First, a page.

According to a 2012 Substance Abuse Trends in Texas Report, youth heroin use is on the rise, particularly a special concoction named “cheese heroin.” Relatively unknown outside of North Texas, cheese heroin has been a significant problem since around 2006.
The damp, snortable powder is a mixture of Mexican black tar heroin and over-the-counter cold medicine, predominantly Tylenol PM. The result is a crumbly, light-brown powder somewhat resembling grated cheese that is then snorted, rather than injected.
In its cheese form, the combination of heroin with the active ingredient of diphenhydramine creates a euphoric, numb feeling followed by a more unpredictable high with possible hallucinations.
Due to cutting the heroin with a cheaper product, the drug can cost as little as $2 a hit, which explains its appeal to a younger demographic. However, prolonged use or high dosages can cause serious liver damage from the acetaminophen and, in some instances, death. Although it isn’t pure black tar heroin, it is still extremely addictive and is often called “starter heroin,” as it can lead users to the more expensive, intravenous option.
While most pinpoint the popularity of cheese among young adults to Dallas in the years 2006-2007, about 20 high-schoolers overdosed from cheese back in the 1990s in Plano.
Since then, “arrests and deaths relating to cheese have been reported without fail every year or two, in communities rich and poor,” writes The Dallas Observer.
Studies by The Dallas Observer show a spike in snorting heroin from 4 percent to 16 and a drop in age between 1996 and 2010, proving the growth of popularity in cheese among a younger generation. Craig Nuckles of Timberlawn Mental Health Services in Dallas reports seeing two to three young heroin detox patients per week.
“The proportion of persons in their twenties has increased from 35 percent of all heroin admissions in 2005 to 45 percent in 2011. Availability and seizures of heroin have increased and prices are lower,” reports the Substance Abuse Trends.
As with trends in other drugs, such as cocaine, popularity fluctuates in cycles due to new generations unfamiliarity with past casualties. This “cheese amnesia,” as The Dallas Observer calls it, has been observed in Northwest Texas every few years. The drug first claimed the lives of four teens in Plano in 1998. A few years later, between 2005 and 2006, 43 cheese-related arrests were made at Thomas Jefferson, a Dallas high school. Then in 2011, another three teenagers died from the drug mixture in Flower Mound. A year later, two other Jefferson High School students were found dead, one just 14 years old and the other 17.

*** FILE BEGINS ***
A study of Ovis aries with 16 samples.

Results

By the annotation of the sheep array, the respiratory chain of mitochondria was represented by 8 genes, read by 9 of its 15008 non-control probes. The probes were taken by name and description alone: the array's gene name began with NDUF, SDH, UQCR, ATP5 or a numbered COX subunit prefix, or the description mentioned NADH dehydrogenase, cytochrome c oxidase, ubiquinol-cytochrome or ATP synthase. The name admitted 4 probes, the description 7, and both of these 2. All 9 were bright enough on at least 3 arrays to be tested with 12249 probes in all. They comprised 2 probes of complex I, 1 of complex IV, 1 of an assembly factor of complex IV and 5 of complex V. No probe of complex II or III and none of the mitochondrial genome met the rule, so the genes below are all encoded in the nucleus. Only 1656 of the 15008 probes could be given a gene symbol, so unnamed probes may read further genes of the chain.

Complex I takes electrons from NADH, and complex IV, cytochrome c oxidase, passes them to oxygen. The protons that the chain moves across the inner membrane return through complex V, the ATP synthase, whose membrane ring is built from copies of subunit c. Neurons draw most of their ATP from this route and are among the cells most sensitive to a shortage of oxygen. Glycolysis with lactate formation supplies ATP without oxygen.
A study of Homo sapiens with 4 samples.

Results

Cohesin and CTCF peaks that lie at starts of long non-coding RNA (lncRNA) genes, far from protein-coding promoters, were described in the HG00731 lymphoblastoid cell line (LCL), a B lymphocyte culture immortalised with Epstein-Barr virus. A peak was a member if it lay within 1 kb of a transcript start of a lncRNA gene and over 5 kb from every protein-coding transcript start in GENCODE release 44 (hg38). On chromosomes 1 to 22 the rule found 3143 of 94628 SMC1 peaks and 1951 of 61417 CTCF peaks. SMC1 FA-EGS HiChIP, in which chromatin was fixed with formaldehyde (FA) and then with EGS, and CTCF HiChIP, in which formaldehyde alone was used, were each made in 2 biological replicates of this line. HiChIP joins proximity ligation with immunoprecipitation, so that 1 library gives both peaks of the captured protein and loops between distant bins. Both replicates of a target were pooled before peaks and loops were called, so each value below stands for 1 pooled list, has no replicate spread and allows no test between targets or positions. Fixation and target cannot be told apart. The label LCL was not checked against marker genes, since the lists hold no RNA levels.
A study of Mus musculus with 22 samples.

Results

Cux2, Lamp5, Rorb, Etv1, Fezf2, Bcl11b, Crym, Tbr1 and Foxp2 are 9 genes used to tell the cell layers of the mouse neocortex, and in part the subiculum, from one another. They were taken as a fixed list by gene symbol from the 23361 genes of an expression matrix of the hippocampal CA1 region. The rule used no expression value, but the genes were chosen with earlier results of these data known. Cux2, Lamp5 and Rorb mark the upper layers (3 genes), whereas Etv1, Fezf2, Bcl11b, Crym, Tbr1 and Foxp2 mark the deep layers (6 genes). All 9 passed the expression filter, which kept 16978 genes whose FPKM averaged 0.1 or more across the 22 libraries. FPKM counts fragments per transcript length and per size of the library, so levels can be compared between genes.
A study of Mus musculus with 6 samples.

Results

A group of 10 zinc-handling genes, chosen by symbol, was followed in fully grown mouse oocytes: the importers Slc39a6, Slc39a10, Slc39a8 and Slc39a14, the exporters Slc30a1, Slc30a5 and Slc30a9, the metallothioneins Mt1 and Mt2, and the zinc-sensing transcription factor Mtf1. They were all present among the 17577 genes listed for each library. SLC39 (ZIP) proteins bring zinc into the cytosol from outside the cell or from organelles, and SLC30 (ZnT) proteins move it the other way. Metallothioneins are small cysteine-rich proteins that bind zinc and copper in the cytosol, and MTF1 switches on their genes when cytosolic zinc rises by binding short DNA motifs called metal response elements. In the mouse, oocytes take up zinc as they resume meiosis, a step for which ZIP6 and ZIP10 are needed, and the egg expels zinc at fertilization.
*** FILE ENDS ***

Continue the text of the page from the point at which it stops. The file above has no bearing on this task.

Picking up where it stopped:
"Unfortunately, drug abuse is marked by 'generational forgetting,'" Jane Maxwell, a drug researcher at UT Austin told The Observer last year. "And over time, new users emerge who know nothing about the dangers and they start using. It's sad and discouraging."
At one point in the height of its prominence in 2007, it was reported that students were using as many as ten times throughout the school day. One student even overdosed at his desk and had to be resuscitated by her teacher.
“When you’re training to teach history, no one tells you that you should know how to resuscitate a student who ODs in class.” -Cathleen Cadigan
“I felt completely powerless,” Cathleen Cadigan, a social studies teacher at Thomas Jefferson, said in the article. “But when you’re training to teach history, no one tells you that you should know how to resuscitate a student who ODs in class.”
Cheese heroin has claimed lives as young as 12 years old. With an innocent-sounding nickname like cheese, it’s no surprise. It’s probable that these kids have no idea what they’re getting into. They’re unaware of what constitutes this cocktail and the fatal consequences that have, and can, happen. It’s important to stop this “amnesia” by informing each new high school class, not just at Thomas Jefferson, about the drug’s history, toxic ingredients and effects.